Apple Watch central to 'landmark' University of Michigan health study

in Apple Watch
Early results from a University of Michigan three-year health study using Apple Watch are already presenting clinicians with wide-ranging data from previously underrepresented groups.

Apple Watch
Apple Watch

University of Michigan Precision Health is running a three-year observational study which aims to "understand the relationship between biosensors, health information." It's working to observe how much health data can be gathered, how useful it can be for treatments, and also specifically to determine how reliable it is.

According to Michigan Health Lab, the earliest results from the study are already helping with the issue of reliability. The Michigan Predictive Activity & Clinical Trajectories (MIPACT) study has found that Apple Watch appears to be more consistently accurate than other biosensor sources.

Jessica Golbus, M.D., says that there has been a significant discrepancy between, for instance, the activity levels measured by the Apple Watch, and a phone. Specifically, the phones tended to underestimate step counts.

"I think what this means is that not all mobile device signals are created equal," she said, "and that, in the future, interpretation of these signals will require knowledge of the device from which these signals were collected."

There are 6,700 patents on the study, each of whom has so far worn their Apple Watch on almost 90% of study days. They've worn them for an average of 15.5 hours per day.

Golbus says that recruitment for the study has already proven one of its biggest successes. Launched in collaboration with Apple, the study set out to enrol as diverse a set of participants across age, gender, race, ethnicity, and existing health conditions.

The university says that 18% of the participants are aged 65 or older, 17% are Black, and 17% are Asian. Golbus says that these are groups that have largely been underrepresented, and therefore under-studied, in digital health research.

"Pretty frequently, I get asked by my patients what their wearable device data means," said Golbus, "It's really challenging to understand its implications for their long-term health."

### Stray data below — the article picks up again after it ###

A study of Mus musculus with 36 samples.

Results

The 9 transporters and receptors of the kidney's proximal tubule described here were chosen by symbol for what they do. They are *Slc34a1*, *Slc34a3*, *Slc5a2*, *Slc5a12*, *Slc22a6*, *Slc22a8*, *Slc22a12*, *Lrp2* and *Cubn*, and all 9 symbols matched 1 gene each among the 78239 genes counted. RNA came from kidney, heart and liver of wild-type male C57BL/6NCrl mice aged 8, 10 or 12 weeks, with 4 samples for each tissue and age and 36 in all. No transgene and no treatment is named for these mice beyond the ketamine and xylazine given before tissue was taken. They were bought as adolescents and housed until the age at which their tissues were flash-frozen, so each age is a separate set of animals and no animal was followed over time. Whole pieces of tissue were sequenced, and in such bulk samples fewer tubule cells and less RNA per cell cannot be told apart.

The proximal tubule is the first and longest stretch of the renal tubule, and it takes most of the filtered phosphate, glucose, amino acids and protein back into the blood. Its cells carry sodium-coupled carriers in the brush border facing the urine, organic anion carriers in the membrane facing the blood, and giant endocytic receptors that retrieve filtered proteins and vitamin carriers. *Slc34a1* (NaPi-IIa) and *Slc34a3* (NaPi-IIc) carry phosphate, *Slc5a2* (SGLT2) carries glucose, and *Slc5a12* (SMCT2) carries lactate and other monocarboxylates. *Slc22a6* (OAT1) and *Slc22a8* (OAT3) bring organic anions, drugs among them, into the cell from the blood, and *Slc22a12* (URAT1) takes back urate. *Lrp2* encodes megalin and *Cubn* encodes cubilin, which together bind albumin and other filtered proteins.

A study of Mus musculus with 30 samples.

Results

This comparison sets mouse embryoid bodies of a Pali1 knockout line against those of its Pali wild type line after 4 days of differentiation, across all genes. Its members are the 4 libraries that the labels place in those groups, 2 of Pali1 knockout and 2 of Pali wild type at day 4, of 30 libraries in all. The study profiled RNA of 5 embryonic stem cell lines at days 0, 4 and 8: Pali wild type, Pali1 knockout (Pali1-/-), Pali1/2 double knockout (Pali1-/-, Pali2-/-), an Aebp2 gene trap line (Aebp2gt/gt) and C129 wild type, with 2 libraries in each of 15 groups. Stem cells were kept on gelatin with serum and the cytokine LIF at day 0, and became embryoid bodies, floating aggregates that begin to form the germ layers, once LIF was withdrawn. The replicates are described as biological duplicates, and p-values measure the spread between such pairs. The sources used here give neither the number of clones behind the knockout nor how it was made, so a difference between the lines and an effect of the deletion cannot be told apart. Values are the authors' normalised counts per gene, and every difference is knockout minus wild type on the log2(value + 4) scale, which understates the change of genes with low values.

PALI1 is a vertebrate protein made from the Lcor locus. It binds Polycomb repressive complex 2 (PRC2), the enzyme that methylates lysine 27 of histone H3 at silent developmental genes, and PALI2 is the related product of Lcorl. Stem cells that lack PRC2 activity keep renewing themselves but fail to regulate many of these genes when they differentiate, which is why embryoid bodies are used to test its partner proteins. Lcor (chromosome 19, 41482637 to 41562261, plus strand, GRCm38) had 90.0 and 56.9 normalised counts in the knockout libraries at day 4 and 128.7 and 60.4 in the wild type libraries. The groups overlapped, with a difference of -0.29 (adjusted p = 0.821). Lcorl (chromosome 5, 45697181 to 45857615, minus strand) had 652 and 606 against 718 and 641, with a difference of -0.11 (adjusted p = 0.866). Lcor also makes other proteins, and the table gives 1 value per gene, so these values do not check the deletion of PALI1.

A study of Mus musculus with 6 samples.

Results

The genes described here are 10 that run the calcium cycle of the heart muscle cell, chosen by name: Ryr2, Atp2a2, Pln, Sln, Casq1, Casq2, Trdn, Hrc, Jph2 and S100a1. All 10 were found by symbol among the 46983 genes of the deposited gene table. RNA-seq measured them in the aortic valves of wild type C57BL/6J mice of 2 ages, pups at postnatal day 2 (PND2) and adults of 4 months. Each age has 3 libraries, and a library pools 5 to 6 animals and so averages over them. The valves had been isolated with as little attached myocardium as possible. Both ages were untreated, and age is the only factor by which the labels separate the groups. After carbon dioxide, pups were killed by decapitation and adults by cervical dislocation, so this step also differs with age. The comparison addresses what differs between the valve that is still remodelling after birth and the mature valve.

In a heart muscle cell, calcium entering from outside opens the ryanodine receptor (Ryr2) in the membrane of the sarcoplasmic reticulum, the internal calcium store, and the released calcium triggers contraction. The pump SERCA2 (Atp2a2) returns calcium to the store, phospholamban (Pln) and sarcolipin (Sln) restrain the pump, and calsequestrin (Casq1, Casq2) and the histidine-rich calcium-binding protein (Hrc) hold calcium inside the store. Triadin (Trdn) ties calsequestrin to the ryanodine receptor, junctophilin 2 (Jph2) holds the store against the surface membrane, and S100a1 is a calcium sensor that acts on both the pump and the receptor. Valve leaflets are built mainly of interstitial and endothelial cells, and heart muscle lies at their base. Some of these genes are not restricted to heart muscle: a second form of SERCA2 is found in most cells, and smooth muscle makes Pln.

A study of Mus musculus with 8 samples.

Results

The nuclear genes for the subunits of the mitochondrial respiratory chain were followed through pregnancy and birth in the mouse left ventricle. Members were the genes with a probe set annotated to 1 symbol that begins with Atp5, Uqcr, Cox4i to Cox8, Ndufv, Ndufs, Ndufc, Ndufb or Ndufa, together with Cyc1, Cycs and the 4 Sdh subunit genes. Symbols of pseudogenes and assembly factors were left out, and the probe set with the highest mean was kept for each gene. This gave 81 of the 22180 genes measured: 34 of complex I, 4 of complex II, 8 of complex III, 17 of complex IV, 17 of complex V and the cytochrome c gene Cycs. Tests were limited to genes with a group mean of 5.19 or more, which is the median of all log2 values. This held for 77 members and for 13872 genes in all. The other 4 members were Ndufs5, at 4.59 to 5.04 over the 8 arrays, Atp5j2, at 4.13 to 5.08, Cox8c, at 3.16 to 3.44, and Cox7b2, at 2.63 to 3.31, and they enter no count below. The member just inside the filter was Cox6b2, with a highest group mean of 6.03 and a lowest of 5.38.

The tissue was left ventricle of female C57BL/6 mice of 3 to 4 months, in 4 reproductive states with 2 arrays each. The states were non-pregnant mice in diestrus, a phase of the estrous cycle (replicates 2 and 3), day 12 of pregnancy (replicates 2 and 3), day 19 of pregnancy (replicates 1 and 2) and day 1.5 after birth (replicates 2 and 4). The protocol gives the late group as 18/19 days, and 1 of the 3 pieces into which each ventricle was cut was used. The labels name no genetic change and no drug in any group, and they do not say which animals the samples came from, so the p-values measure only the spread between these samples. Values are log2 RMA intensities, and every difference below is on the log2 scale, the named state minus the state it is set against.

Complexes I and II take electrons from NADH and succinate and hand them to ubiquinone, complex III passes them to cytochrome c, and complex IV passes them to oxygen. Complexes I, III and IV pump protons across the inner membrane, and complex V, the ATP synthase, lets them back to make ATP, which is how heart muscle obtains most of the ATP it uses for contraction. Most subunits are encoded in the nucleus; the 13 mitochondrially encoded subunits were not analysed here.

University of Michigan is now working to match Apple Watch data with the patients' medical records and survey reports.

"We have data on participants both before and after the onset of the pandemic," continued Golbus, "so we really have the capability to evaluate how physiologic parameters changed over the course of the pandemic both as a result of illness but also due the global impact the pandemic has had on all of our lifestyles."

    neutrino23neutrino23 Posts: 1,563member
    "There are 6,700 patents on the study"  I think you mean patients, not patents.
  • Reply 2 of 2
    GeorgeBMacGeorgeBMac Posts: 11,421member
    My initial reaction is that the study has an inherent flaw:
    It seems to be measuring criteria established by our medical system --- which is actually a disease management system rather than a health care system.

    The Apple Watch does a LOT to promote health and only a little to provide measurements to the disease management system.

    For example:   physical fitness (aerobic capacity, strength & flexibility) is strongly promoted by the Apple Watch but is mostly ignored by the medical system (except for maybe a passing comment by a physician).  That is illustrated by the comment in the article:
    "Pretty frequently, I get asked by my patients what their wearable device data means," said Golbus, "It's really challenging to understand its implications for their long-term health."

    That's because the medical system thinks "health" merely means an absence of disease -- which is only a single aspect of the whole.

    In short:  if you have a disease, go see a doctor.  If you want to promote your health, buy an Apple Watch -- your doctor can't help you with that -- he has no training, knowledge, or time for it.